Dr. Henry Miller’s July 22 Wall Street Journal opinion piece entitled “Why the Buzz About a Bee-pocalypse is a Honey Trap” argues that bees are not in decline and that U.S. agriculture would be devastated without the use of neonicotinoid insecticides.

His article is likely in response to the National Resource Defense Council’s petition to the EPA to suspend the use of neonicotinoids, a class of non-selective, systemic insecticides. This would follow in the footsteps of the European Union’s restriction of three (out of seven) neonicotinoids in 2013 and earlier suspensions by several other countries.

Neonicotinoids, developed in the 1990s and used more heavily in the early 2000s, are the most widely used insecticides worldwide. The EPA estimates that 3.5 million pounds were applied on approximately 127 million acres worldwide in 2011. They are registered for use as an insecticide on soil, seed, and foliar applications for both residential and agricultural uses.

Research is voluminous linking neonicotinoids to bee memory loss and learning, weakened immunity, developmental injury, impaired foraging, diminished navigation and honing ability, and the loss of reproductive production of bumblebee queens.

Dr. Miller’s assertion that honey bee populations are not declining contradicts statements from the beekeeping industry along with research from both the U.S. government and public institutions. The USDA Agricultural Research Service states, “If losses continue at the 33 percent level, it could threaten the economic viability of the bee pollination industry. Honey bees would not disappear entirely, but the cost of honey bee pollination services would rise, and those increased costs would ultimately be passed on to consumers through higher food costs.”

While Colony Collapse Disorder is complex, not fully understood, and likely cannot be solved with a single policy, research has shown that insecticidal dust clouds following the planting of neonicotinoid-coated seeds can cause the loss of entire bee colonies. Neonicotinoids are used to coat over 99% of corn seed planted and are used to coat many other crops. The destructive effect of neonicotinoids on birds, bees, earthworms, aquatic insects, and beneficial insects is well researched and published in respected, peer-reviewed journals.

Neonicotinoids are water soluble and persistent chemicals having the potential to remain active in soils, wetlands, and waterways for years causing irreversible effects leading to a cascade of unintended consequences. They particularly harm organic farmers by contaminating irrigation water and airways by chemical drift and run-off during seeding and spraying. Organic growers depend on beneficial insects in the soil and air for pest prevention.

Neonicotinoids are systemic insecticides, meaning they are absorbed into all plant tissues. Their systemic effect allows the poison to move into the pollen and nectar of flowers from treated seeds, when soil is treated before sowing, and when insecticides are applied through drip irrigation within labeled rates. The insecticides within the pollen and nectar have been shown to harm beneficial insects when they feed.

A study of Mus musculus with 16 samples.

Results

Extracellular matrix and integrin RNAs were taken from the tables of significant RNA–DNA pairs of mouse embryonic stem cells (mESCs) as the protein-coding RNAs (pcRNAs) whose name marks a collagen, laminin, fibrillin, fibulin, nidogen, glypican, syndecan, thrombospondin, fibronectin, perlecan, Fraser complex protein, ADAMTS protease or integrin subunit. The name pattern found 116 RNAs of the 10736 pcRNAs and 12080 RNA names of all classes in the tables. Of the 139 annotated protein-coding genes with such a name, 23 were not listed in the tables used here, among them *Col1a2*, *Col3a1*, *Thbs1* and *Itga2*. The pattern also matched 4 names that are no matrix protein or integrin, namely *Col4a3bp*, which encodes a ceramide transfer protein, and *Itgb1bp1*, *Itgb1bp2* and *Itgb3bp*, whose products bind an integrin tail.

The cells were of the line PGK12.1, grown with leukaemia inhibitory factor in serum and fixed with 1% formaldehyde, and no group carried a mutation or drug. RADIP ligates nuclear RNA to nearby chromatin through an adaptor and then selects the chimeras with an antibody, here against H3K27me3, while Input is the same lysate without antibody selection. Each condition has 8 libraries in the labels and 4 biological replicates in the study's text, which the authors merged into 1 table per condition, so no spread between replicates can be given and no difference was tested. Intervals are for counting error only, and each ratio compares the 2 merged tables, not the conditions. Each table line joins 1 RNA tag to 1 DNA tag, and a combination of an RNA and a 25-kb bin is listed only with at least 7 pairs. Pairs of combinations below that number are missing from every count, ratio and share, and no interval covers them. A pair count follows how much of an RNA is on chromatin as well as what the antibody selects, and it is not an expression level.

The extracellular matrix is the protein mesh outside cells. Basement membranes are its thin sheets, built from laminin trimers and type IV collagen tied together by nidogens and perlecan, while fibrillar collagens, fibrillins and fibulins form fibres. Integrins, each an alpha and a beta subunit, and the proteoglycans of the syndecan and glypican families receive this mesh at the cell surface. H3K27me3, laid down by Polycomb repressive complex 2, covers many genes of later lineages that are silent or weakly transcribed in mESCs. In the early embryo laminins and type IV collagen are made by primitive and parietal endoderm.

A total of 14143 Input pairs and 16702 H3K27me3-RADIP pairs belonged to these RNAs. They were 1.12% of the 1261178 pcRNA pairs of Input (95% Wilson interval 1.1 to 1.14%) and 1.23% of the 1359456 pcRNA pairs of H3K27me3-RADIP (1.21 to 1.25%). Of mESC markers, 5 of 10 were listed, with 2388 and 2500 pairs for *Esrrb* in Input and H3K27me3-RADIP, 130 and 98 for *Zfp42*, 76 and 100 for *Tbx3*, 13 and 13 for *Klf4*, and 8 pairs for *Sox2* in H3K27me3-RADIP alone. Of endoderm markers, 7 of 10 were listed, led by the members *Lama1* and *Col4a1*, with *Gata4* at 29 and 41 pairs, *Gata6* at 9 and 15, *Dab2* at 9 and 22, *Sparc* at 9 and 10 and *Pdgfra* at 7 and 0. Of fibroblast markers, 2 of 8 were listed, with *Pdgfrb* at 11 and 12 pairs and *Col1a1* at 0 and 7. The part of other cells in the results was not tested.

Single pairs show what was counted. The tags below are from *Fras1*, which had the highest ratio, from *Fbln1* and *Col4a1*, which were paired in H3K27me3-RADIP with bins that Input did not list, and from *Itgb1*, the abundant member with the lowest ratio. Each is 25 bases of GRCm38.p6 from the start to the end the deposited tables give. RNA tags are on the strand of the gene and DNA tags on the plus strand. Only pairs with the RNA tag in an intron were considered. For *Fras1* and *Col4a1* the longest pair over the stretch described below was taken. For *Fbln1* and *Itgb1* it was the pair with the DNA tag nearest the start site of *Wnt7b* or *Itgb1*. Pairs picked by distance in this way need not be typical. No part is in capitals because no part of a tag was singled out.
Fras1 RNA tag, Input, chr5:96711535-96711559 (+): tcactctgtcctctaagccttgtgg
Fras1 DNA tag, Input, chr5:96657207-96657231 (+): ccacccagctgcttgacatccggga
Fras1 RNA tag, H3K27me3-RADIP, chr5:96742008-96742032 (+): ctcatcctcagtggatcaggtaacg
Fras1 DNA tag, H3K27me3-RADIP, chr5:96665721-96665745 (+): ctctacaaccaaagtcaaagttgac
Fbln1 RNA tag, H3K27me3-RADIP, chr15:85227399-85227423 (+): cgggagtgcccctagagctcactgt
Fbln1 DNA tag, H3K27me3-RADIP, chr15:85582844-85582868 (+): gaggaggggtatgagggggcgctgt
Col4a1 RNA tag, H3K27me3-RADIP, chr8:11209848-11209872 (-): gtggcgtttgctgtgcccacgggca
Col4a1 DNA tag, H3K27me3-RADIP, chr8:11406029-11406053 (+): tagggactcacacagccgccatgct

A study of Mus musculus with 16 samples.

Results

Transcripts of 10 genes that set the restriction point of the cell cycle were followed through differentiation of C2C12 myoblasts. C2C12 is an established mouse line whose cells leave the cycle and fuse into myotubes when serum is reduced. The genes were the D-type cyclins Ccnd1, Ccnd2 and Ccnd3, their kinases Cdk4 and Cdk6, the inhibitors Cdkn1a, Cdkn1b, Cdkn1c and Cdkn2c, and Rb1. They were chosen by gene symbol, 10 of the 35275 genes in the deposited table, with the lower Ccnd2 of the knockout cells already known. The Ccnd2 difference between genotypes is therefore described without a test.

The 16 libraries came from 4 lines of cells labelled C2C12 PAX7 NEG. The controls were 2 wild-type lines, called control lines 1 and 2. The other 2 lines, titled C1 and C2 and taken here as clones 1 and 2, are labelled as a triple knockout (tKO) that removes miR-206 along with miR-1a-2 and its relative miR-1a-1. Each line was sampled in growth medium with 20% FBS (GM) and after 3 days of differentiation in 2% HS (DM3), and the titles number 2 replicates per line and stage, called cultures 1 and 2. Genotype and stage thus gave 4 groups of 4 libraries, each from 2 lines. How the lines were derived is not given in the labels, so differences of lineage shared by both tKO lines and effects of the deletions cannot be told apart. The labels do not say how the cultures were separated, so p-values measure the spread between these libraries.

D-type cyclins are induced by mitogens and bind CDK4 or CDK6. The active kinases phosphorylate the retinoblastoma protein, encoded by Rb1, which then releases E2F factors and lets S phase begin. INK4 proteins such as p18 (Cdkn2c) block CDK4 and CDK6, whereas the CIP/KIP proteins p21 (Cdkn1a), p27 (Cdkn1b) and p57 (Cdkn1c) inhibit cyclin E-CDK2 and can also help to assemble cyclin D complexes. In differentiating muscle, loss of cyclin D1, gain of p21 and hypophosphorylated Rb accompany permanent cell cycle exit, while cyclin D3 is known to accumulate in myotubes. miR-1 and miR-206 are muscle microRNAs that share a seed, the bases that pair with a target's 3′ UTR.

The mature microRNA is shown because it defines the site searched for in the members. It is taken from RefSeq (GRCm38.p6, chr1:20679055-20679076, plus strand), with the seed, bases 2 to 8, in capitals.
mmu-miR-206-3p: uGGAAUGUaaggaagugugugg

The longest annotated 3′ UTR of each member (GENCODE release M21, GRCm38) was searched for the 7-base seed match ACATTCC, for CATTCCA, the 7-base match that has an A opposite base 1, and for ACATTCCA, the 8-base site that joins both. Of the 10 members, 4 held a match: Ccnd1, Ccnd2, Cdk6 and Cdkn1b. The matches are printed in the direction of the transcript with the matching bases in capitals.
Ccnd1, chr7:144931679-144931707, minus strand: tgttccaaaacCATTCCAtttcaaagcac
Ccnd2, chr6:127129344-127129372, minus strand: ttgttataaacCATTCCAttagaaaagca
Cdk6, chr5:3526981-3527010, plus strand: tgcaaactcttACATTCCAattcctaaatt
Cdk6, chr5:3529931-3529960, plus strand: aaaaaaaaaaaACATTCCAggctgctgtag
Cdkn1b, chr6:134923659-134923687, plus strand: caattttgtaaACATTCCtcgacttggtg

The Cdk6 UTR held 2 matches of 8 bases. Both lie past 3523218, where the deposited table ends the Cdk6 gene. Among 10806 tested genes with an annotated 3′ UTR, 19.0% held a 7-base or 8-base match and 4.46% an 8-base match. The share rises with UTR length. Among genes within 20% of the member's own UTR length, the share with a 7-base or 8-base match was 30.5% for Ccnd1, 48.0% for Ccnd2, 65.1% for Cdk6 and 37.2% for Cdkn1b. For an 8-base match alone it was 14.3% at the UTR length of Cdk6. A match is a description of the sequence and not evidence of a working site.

Of course, because of the systemic action of these insecticides, humans are ingesting increasing levels of neonicotinoids as well, unless they are choosing certified organic food.

Dr. Miller’s article highlights the primary reason why conventional U.S. agricultural practices are fragile and unsustainable, namely the overreliance on a single class of pesticides for productivity. If U.S. agriculture were truly as dependent on neonicotinoids as Miller contends, there’s no better argument for promoting a more stable ecological approach. The reality is that many European countries have improved crop yields since banning neonicotinoids.

Honey bee pollination is estimated to be worth $215 billion annually and beneficial insect predation is conservatively estimated to be worth more than $4.5 billion annually.

As is so often the case, the environmentally responsible choice turns out to be in the best interest of the economy as a whole — albeit not as lucrative for chemical corporations and the agrochemical lobbyists and institutions their funding supports.

Dr. Linley Dixon
Farm and Food Policy Analyst
The Cornucopia Institute

The Cornucopia Institute, a farm policy research group, having just celebrated its 10th anniversary, has spent the past decade fighting “the corporate attack on organic agriculture.” Think tanks funded by agrochemical and biotechnology interests, including the Competitive Enterprise Institute, the Stanford-based Hoover Institution, the Hudson Institute and the Heartland Institute, have produced a steady stream of “cherry-picked” research denigrating organics and defending industrial agriculture, toxic chemicals and genetic engineering. Most of their analysis has simultaneously ignored studies that indicate shifting to sustainable agricultural management would pay dividends to society in terms of the environment, economy, and human health.